Greater Manchester suffers from some of the worst traffic congestion in the country, new research has shown.
Statistics from traffic information company INRIX shows that Manchester-based traffic delays were second only to London in the UK last year.
Moreover, there were only three countries with poorer road conditions than those in England across the whole of Europe.
Based on rush-hour commute-to-city travel in 2011, the figures revealed that UK drivers spent 32 hours of the year stuck in traffic, although this was four hours less than in 2010.
Manchester commuters, however, can expect to be held up for an average of 45 hours per year in their commute, a figure of just under an hour each and every working week.
Broken down even further, the results published by INRIX suggested that the worst travel time for Mancunians is every Tuesday, between 9 and 10am.
Neil Greig, from the Institute of Advanced Motoring (IAM), says that motorists should be more aware of the dangers of rush hour delays.
He said: “Preparation and information is the key. We now have more sources than ever of good quality up-to-the-minute traffic information that drivers can trust.
“Drivers can now check for hotspots and any sudden incidents through local radio, websites, roadside electronic signs, sat navs and mobile phone apps and take avoiding action in good time.”
All 18 UK cities analysed had fewer jams last year than in 2010, with Friday being the worst traffic day and Tuesday being the worst weekday morning.
The best weekday for traffic in the UK last year was Monday, with the worst commuting hour being 9am to 10am on Tuesdays and the best being 7am to 8am on Fridays.
Mr Greig claimed that there are limits to the amount this figure can be reduced.
He said that public transport was only viable if it can be made attractive and cheap enough and goes where drivers want to go.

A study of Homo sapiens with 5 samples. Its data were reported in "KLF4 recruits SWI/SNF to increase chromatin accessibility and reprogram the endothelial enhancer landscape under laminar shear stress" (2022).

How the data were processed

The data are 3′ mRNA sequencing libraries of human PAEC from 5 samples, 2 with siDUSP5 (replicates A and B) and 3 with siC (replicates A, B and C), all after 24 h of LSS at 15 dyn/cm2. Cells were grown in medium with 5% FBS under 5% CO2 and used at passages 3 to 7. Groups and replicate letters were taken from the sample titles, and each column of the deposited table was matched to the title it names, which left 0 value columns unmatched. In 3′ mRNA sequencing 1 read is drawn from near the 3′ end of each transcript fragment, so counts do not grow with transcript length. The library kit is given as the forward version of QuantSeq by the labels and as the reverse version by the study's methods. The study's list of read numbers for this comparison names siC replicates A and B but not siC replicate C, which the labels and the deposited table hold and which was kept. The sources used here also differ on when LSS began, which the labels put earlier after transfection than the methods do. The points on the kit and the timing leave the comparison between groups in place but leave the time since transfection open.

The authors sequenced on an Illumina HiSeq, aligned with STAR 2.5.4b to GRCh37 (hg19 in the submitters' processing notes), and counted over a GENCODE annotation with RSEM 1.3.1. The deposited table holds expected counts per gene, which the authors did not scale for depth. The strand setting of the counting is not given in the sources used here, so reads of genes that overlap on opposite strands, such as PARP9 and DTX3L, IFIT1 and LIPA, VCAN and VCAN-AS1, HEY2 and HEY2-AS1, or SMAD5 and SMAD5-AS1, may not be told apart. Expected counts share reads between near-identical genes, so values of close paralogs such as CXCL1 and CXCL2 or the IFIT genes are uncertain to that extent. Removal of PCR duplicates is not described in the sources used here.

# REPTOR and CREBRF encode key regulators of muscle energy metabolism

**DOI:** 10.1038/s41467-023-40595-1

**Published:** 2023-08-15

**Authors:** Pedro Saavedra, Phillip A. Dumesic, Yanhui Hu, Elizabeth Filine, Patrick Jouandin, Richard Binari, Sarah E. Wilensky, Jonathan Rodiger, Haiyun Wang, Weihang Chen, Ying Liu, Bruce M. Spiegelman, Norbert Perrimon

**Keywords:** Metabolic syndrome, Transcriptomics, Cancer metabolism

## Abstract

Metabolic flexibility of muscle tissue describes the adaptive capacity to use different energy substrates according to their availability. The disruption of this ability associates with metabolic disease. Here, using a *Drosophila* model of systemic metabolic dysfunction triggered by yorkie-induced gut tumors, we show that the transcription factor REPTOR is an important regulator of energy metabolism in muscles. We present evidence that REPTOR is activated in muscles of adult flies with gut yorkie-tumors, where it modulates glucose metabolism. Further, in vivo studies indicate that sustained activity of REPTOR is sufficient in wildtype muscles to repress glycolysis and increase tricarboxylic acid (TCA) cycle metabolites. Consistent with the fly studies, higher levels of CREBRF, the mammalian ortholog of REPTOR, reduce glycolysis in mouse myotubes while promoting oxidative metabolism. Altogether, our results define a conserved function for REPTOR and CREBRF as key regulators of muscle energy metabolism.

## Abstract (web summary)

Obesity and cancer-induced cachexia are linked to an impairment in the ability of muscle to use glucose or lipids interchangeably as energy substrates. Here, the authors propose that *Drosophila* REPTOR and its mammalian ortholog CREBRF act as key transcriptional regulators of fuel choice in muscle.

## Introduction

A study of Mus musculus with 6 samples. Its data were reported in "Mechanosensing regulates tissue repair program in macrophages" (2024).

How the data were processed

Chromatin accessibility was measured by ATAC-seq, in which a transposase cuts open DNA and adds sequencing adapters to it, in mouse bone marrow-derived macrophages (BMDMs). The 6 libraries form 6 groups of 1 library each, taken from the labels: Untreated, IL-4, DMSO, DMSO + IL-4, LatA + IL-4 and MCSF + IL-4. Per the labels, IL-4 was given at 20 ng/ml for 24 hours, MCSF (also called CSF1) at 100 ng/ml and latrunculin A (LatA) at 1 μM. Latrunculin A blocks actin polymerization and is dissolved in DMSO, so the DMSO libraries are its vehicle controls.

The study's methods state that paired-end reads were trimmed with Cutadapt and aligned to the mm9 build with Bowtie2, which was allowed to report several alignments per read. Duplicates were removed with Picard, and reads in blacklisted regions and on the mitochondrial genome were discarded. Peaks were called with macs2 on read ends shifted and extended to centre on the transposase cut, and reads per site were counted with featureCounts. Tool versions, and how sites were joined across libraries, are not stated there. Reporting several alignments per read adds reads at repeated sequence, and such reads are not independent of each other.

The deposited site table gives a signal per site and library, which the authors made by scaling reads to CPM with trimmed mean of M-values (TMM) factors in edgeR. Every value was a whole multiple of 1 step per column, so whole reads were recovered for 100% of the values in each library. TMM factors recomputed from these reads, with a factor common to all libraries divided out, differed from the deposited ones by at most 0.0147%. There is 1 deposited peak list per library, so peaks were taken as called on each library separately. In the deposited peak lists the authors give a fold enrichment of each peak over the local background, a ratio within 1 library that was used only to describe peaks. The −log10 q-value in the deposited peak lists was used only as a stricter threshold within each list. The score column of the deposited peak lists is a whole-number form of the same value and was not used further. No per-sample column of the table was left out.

He added: “In Manchester most people travelling into the city centre for the standard nine to five type job already use public transport because it makes sense.
“Today, however, more journeys are across and around town as jobs and homes are further apart and services are dispersed across the city. Public transport struggles to cope with anything other than moving lots of people into and out of a city centre.
More park and ride opportunities and better journey time information would help direct drivers to the right alternative for them. Encouraging cycling without providing the right segregated facilities risks raising cycling deaths and injuries and we are already starting to see that trend. Car-pooling will only ever have a limited impact as more and more people work flexible hours.”
The UK’s most congested cities in 2011 were the London commuter zone, with a 66 hour delay average across the year, Greater Manchester with 45 hours and Liverpool, suffering 39 hours of hold-ups. Birmingham, Belfast, Newcastle, Nottinghamshire, Leeds, Sheffield and Edinburgh completed the top 10, all suffering average delays upwards of 30 hours.